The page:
You can have the best song melody in the world, but if your lyrics aren’t good, it can drag down your whole song. Whether you’re just the lyrical type or you want to write lyrics for the sweet guitar jam you just wrote, a little help will go a long way. Get started with Step 1 below and follow as we walk you through standard song forms, music considerations, as well as just finding those elusive words!
Part 1 of 6: Understanding Common Structures
1. Understand the parts of a song. There are several parts of a song. Your song can include all of them or none of them. It really all depends on you. There are standard layouts of these parts that are used in most songs, however, so in order to understand how most songs sound, you’ll need to understand the parts. They include:
– An Introduction – this is the section at the beginning which leads into the song. Sometimes it might sound different from the rest of the song, might be faster or slower, or it might not exist at all. Many songs do not have an introduction, so don’t feel like you have to use it.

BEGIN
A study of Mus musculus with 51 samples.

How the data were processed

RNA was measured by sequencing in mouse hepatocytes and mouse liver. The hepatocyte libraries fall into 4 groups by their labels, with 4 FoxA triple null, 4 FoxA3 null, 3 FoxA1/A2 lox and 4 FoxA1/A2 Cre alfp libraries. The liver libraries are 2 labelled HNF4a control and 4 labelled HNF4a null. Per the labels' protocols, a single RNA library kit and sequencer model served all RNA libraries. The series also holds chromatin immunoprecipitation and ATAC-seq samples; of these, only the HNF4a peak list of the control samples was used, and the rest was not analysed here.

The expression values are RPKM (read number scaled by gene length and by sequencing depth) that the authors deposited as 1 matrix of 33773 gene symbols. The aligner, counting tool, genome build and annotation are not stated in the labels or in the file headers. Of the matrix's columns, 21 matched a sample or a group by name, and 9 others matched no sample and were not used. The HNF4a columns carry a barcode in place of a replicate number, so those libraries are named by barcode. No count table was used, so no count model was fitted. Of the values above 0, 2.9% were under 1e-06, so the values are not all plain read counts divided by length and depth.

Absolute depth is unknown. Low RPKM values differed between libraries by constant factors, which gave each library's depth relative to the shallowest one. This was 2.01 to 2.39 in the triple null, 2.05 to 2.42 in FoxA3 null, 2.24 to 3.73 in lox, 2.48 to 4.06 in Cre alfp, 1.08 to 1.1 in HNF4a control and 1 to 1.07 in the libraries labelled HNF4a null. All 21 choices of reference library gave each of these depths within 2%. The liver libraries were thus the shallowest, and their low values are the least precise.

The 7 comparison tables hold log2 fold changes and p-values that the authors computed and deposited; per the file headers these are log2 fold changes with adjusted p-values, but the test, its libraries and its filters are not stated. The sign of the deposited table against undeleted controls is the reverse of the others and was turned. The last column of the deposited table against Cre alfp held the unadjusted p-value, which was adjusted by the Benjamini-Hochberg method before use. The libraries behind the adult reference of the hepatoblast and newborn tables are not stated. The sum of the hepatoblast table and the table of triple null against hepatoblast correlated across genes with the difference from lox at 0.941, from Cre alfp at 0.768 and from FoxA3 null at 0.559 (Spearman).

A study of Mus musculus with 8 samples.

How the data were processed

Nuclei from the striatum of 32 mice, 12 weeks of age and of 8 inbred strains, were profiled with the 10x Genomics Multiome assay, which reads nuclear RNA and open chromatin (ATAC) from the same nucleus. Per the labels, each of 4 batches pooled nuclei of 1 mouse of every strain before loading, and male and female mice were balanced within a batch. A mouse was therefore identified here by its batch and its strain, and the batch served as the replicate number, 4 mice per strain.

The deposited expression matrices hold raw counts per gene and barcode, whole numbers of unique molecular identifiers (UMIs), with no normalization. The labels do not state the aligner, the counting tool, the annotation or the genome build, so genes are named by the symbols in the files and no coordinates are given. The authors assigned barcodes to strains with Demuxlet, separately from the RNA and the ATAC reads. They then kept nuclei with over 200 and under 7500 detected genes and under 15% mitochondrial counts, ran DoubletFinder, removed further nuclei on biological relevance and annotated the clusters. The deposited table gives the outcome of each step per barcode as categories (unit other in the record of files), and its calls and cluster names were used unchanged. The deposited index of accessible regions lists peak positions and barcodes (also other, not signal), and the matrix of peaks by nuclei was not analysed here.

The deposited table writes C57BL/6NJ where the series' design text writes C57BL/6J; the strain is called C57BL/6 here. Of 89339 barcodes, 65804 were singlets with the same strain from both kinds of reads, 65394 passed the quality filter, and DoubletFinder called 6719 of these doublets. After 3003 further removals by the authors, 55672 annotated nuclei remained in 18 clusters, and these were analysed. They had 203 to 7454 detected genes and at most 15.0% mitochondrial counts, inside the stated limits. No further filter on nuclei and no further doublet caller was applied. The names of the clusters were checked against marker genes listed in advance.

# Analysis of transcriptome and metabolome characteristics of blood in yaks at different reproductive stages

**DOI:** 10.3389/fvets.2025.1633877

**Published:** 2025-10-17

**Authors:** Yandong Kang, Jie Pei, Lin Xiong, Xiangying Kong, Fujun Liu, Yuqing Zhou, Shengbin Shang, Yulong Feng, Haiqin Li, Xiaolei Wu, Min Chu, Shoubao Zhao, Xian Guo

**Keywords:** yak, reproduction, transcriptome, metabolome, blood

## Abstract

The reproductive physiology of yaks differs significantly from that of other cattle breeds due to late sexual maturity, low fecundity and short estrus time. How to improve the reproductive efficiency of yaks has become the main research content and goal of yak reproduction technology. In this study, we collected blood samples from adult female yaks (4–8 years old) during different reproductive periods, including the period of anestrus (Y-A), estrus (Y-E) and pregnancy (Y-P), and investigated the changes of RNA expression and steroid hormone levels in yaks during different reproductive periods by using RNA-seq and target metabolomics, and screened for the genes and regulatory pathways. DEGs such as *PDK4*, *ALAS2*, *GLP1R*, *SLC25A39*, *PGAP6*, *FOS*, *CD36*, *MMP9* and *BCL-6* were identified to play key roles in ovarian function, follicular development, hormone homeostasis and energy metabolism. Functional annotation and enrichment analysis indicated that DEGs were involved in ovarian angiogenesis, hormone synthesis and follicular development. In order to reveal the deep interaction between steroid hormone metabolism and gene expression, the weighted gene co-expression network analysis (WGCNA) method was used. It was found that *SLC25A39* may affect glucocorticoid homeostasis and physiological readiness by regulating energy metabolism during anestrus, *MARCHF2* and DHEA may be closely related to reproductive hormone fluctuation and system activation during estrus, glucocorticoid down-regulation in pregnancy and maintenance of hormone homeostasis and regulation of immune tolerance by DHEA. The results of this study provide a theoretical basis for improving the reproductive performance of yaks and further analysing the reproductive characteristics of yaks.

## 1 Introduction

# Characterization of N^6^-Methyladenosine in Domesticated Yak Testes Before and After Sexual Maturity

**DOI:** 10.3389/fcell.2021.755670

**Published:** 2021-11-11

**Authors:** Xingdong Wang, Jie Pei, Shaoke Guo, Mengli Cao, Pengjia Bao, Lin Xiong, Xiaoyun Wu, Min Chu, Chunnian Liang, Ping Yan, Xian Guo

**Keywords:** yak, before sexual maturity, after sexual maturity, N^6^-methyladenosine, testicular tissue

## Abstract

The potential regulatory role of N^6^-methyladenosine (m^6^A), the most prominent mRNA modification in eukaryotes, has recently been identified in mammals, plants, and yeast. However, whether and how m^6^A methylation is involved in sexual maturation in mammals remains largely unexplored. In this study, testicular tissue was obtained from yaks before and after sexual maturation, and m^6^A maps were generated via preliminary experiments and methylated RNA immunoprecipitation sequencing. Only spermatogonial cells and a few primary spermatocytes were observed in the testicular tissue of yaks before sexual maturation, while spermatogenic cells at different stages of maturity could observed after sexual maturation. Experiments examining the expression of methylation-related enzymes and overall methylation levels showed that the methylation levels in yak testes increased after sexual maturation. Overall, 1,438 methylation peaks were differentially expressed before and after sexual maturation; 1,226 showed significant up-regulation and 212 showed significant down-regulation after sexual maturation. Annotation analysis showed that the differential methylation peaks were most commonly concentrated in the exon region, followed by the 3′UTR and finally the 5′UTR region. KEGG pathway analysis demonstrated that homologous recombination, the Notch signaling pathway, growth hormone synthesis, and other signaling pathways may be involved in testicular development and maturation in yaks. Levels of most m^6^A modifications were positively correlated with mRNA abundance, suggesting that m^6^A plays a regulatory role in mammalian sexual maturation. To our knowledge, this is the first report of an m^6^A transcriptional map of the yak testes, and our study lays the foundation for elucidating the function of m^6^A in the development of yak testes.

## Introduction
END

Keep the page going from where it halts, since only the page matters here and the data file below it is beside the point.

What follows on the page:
– A Verse – This is the main part of the song. It is usually 50% to twice the number of lines as the chorus but it does not have to be. What gives away a section of a song as a verse is that the melody is the same but the lyrics are different between the different verses.
– A Chorus – The chorus is the part of the song that repeats without changing: both the lyrics and melody are unchanged or nearly unchanged. This is usually where you try to fit the catchiest part of your song (usually called the hook).
– A Bridge – The bridge is a part that exists in some songs but not all. Usually coming sometime after the second chorus, the bridge is a part of the song that sounds completely different than the rest of the song. It is usually short, just a line or two of lyrics, and will sometimes lead into a key change.